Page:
Python Malaysia Caught: Largest Recorded

A huge living python estimated to be eight meters (26 feet) was caught on Thursday after a grueling 30-minute struggle on a construction site in Malaysia. The reptile could take the record for being the largest python Malaysia and the rest of the world has ever discovered.

This type of python is called reticulated which is commonly found in Southeast Asia and is known to be the one of the biggest reptile species. The giant python was spotted in Paya Terubong where a flyover was being built.

Hereme Herisyma called emergency services on Thursday which lead to them trapping the snake after a long half hour. Herisyma is an official with the Malaysian Department that assisted with catching the snake. Later, it was recorded to be about 250kgs in weight.

Sadly, only three days later it was reported the python had died after giving birth. It is still not known the real cause of its death. Some speculate that the animal was mistreated and the stress of the capture caused it to die.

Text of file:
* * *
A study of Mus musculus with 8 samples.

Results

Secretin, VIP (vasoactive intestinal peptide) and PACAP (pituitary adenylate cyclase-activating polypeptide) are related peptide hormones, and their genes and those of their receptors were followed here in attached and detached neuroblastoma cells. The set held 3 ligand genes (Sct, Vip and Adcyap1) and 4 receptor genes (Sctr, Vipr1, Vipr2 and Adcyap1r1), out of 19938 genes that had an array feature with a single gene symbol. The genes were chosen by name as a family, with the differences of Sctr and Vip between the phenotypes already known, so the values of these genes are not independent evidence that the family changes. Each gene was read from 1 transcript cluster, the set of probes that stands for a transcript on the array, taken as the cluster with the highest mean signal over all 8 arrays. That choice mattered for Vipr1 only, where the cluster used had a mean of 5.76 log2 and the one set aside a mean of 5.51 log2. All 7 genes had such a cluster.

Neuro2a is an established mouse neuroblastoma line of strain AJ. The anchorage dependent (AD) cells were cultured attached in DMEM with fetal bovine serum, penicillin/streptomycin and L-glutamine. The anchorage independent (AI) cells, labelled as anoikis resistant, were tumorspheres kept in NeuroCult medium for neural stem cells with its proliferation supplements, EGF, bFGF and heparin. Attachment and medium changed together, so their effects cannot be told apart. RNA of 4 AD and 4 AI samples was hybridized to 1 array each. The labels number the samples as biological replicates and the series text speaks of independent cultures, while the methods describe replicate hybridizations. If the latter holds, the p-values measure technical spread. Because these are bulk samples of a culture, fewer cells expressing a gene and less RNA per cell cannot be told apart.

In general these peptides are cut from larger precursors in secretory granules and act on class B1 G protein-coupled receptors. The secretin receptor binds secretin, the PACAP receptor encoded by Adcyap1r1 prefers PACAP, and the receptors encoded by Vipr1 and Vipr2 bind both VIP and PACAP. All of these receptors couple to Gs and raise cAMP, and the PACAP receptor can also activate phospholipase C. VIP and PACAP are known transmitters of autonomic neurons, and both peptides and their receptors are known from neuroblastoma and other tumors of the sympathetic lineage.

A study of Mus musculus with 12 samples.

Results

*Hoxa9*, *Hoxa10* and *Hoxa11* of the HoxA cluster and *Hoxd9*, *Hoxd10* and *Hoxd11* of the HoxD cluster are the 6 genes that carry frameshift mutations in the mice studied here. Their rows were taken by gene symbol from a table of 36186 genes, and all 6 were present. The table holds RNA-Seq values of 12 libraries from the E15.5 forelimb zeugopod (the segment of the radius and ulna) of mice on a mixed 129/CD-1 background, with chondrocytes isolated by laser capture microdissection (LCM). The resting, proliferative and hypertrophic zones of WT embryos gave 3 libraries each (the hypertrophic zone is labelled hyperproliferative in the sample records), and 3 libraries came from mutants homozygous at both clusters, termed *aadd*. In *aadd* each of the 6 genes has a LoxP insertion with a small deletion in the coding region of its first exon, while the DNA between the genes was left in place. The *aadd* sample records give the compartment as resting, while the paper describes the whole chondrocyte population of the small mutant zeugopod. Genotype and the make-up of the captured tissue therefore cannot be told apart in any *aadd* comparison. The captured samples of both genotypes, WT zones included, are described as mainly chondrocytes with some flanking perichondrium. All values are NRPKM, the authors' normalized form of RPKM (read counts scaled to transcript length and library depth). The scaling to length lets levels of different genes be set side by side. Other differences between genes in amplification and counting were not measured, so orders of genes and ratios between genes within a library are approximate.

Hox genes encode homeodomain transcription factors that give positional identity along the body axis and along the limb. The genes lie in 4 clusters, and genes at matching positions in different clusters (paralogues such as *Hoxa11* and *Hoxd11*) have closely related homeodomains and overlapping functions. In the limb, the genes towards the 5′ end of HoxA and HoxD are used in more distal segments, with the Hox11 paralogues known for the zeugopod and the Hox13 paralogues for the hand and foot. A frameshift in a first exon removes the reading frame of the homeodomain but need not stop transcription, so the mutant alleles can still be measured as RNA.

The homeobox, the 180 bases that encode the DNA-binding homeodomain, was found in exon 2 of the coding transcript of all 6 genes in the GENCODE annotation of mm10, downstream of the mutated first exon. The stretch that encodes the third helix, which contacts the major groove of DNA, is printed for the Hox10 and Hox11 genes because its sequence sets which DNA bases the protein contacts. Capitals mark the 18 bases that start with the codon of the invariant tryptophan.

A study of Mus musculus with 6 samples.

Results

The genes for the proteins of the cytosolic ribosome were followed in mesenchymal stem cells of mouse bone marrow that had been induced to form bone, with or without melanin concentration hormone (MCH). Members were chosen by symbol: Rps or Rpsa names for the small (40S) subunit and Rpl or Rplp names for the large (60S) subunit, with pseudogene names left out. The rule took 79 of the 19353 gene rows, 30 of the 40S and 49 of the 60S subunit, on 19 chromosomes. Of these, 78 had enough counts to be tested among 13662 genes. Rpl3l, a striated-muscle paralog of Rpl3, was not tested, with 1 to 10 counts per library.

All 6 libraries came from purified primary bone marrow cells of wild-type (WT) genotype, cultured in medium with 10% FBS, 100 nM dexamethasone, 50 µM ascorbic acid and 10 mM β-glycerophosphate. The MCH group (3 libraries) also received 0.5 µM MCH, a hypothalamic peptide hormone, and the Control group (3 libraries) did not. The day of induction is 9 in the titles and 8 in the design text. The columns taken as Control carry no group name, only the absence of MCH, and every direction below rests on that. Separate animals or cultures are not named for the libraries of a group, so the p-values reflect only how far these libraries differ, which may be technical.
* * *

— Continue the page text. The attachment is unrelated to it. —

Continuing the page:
Guinness World Records had given the title of longest snake ever caught to another reticulated python named Medusa in 2011. She is on display at The Edge of Hell Haunted House located in Kansas City, Missouri.

Medusa is 90kg lighter than the python Malaysia recently reported. She is said to weigh 158.8kg and measured at 7.67 meters in length.

In 2010, there was another record holder for the longest snake in captivity named Fluffy. Fluffy was a 7.3-meter python who died in 2010 at the age of 18.

Massive snakes are still actively living in the wild and are not a new discovery. During the early 1900’s there was a 10-meter python found and shot in Indonesia.

Reticulated pythons prefer to live in woodlands, grasslands and rain forests. They’re exceptional swimmers and have been spotted in streams, rivers, and even lakes.

Pythons feed on mammals and occasionally birds. They have been recorded eating anything from small rodents like rats, to large animals like pigs, dogs, cats chickens, and even baby bears. Pythons usually wait until their prey comes within their strike range and then wrap their body around the prey, constricting it to death.